SRSG Abdoulaye Bathily: “Women have an important role to play in Libya’s journey to stability”

SRSG Bathily speaking with Libyan women

SRSG Abdoulaye Bathily: “Women have an important role to play in Libya’s journey to stability”

21 Nov 2022

SRSG Abdoulaye Bathily: “Women have an important role to play in Libya’s journey to stability”

During his first few weeks in Libya, Special Representative of the Secretary-General Abdoulaye Bathily made it a priority to sit down with civil society representatives, in particular with women from various backgrounds, to solicit their ideas on the path to sustainable security.

“Women in Libya are among the most negatively impacted by Libya’s continued lack of political stability, but they are marginalized from the conversation about solutions,” SRSG Bathily says. “We must do all we can to tap into women’s wisdom and amplify their ideas now and dismantle barriers to their political participation in the future.”

Just 5 out of 18 ministers in Libya’s Government of National Unity are women. Women account for just 15 percent of the country’s two legislative bodies, including 2 women in the House of Representatives and 20 women in the High Council of State out of 133 members.

As Libya works to rebuild, women activists are seizing the moment to push for increased social and political influence. But they face considerable challenges, including restrictions on women’s role in society, insecurity in the streets, and an increase in online harassment, hate speech and threats. Since 2014, multiple female political activists and government representatives have been physically attacked, including – among others – Salwas Bughaghis, a former member of the National Transitional Council who was murdered in 2014, and Member of Parliament Seham Sergewa, who was abducted in 2019 and whose whereabouts remain unknown.

Since arriving in Libya to lead the United Nations Support Mission in Libya on 14 October, SRSG Bathily has met with more than two dozen women from Al-Jufra, Benghazi, Misrata, Sebha and Tripoli, including candidates for parliamentary elections, professors, lawyers, research scientists, and women’s rights activists. During their initial conversations, SRSG Bathily requested they provide written proposals to address a variety of challenges ranging from the dispute over the executive, to disarmament, demobilization and reintegration (DDR), and women’s inclusion in reconciliation efforts.

SRSG Bathily conferred quietly with the women, listening as they aired their concerns about the proliferation of weapons, arbitrary arrests and detentions, the need for reconciliation and transitional justice – among other issues.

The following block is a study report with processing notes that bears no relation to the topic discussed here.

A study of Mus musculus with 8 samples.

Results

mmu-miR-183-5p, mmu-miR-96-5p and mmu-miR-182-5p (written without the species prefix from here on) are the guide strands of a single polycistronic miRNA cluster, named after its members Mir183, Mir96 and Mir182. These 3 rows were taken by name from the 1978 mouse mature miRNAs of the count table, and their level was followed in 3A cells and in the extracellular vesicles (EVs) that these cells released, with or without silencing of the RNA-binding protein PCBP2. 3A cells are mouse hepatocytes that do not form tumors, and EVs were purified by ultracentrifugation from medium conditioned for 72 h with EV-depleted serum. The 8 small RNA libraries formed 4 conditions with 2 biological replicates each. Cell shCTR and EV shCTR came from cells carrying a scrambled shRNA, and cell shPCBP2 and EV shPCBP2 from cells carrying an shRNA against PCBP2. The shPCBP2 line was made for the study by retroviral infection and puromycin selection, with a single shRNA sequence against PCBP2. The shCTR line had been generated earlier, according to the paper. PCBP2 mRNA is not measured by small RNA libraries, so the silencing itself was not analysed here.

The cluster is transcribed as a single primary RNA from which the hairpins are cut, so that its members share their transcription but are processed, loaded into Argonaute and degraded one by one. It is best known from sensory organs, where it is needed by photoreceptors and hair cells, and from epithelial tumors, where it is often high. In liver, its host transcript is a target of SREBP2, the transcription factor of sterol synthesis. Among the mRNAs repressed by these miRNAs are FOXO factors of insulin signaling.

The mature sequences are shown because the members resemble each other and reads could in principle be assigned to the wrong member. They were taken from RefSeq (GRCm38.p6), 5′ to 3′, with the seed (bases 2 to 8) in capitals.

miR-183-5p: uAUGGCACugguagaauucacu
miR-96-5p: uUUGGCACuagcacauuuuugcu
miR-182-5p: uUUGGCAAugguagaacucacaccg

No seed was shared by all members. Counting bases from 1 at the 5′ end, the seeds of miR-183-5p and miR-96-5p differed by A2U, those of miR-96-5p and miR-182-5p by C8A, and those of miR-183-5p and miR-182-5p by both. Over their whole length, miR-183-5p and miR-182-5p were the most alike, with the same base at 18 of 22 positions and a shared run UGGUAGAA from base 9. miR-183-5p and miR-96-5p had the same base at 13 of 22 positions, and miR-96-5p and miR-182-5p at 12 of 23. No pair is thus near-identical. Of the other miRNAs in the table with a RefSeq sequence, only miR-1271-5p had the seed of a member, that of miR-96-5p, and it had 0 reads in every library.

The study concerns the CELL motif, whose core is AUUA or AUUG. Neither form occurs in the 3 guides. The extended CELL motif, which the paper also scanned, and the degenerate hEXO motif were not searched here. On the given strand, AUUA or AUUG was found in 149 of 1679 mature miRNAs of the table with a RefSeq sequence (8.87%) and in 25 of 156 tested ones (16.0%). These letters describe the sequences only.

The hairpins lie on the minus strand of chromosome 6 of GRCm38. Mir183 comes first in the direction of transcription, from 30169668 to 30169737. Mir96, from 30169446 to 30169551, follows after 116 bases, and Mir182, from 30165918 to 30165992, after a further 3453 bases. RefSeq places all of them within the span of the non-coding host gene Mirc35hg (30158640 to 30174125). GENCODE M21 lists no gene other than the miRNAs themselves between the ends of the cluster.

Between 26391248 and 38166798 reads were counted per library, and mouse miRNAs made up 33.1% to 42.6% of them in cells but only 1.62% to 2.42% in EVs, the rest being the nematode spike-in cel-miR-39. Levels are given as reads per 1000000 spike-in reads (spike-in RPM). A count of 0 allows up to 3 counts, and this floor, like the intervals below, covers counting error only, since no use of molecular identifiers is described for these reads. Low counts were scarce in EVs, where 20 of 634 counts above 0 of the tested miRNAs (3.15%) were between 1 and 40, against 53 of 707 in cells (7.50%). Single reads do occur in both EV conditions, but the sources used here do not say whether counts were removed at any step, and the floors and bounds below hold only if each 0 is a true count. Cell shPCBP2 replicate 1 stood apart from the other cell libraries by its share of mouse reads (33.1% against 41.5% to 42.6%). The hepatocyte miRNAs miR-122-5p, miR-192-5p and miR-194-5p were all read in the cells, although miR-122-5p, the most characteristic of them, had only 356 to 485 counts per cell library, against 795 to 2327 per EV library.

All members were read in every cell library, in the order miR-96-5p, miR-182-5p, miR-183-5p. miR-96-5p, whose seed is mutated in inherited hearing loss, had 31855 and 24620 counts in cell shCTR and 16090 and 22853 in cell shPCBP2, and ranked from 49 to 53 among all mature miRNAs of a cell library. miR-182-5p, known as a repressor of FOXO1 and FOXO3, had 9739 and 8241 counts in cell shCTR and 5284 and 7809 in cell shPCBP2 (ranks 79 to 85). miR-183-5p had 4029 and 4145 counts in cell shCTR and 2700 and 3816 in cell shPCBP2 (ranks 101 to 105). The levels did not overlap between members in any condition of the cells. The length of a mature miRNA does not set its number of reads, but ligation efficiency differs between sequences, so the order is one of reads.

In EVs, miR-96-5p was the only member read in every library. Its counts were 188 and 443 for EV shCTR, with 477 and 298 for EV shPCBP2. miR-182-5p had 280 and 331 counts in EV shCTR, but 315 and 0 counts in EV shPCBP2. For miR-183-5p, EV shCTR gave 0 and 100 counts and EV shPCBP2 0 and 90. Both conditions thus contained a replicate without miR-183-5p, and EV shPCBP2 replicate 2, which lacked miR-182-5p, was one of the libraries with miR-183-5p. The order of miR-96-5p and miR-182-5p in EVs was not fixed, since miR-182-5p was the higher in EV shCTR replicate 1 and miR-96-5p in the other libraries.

Dina Fazzani, a human rights researcher who met with the SRSG in Benghazi, observed that the SRSG’s decision to seek proposals from women is a good sign that he will prioritize human rights in his work, adding that it will be important for the SRSG to continue to be transparent to build trust with the community.

“The SRSG was realistic and seemed to understand Libyan needs,” said Omaima Alfaqi, head of the Aladsa Oganization for Election Observation and Development, who met with the UNSMIL head in Tripoli. “I left the meeting feeling very motivated.”

The SRSG’s work builds upon years of UN efforts in Libya to increase women’s participation in the political sphere in line with the Women, Peace and Security Agenda, which was established by Security Council Resolution 1325 in 2000. For example, UNSMIL supported women’s rights activists at the Libyan Political Dialogue Forum in 2021 to add an article to the country’s political roadmap that reserves 30 percent of leadership positions in the new government for women. UNSMIL continues to lobby for that standard to be met. To help increase safety for women in public and private spaces, the Mission is also working with national legal experts to draft the country’s first law addressing violence against women.

When women are allowed to join discussions about the country’s future, said Alfaqi, who is from Al Jufra, they are typically limited to support sectors that are traditionally seen as more feminine, such as healthcare, education or social welfare.

“Libyan culture limits women to certain roles and it takes a toll on women’s self-esteem,” she said. “There is so much social stigma around women seeking power. She may be shamed if she tries to step outside the mould. Libyan women care a lot for their reputation, so this is demotivating.”

Amina Megheirbi, a professor at Benghazi University who met with the SRSG, recounted facing resistance to her leadership in a human rights committee during her time as a member of parliament in 2012.

“Libyan women are capable of leading, but we are too often held back because of male dominance,” said Megheirbi, who also heads the nongovernmental organization Altawasul, which focuses on women’s and youth empowerment. “When we women have a chance, we shine.”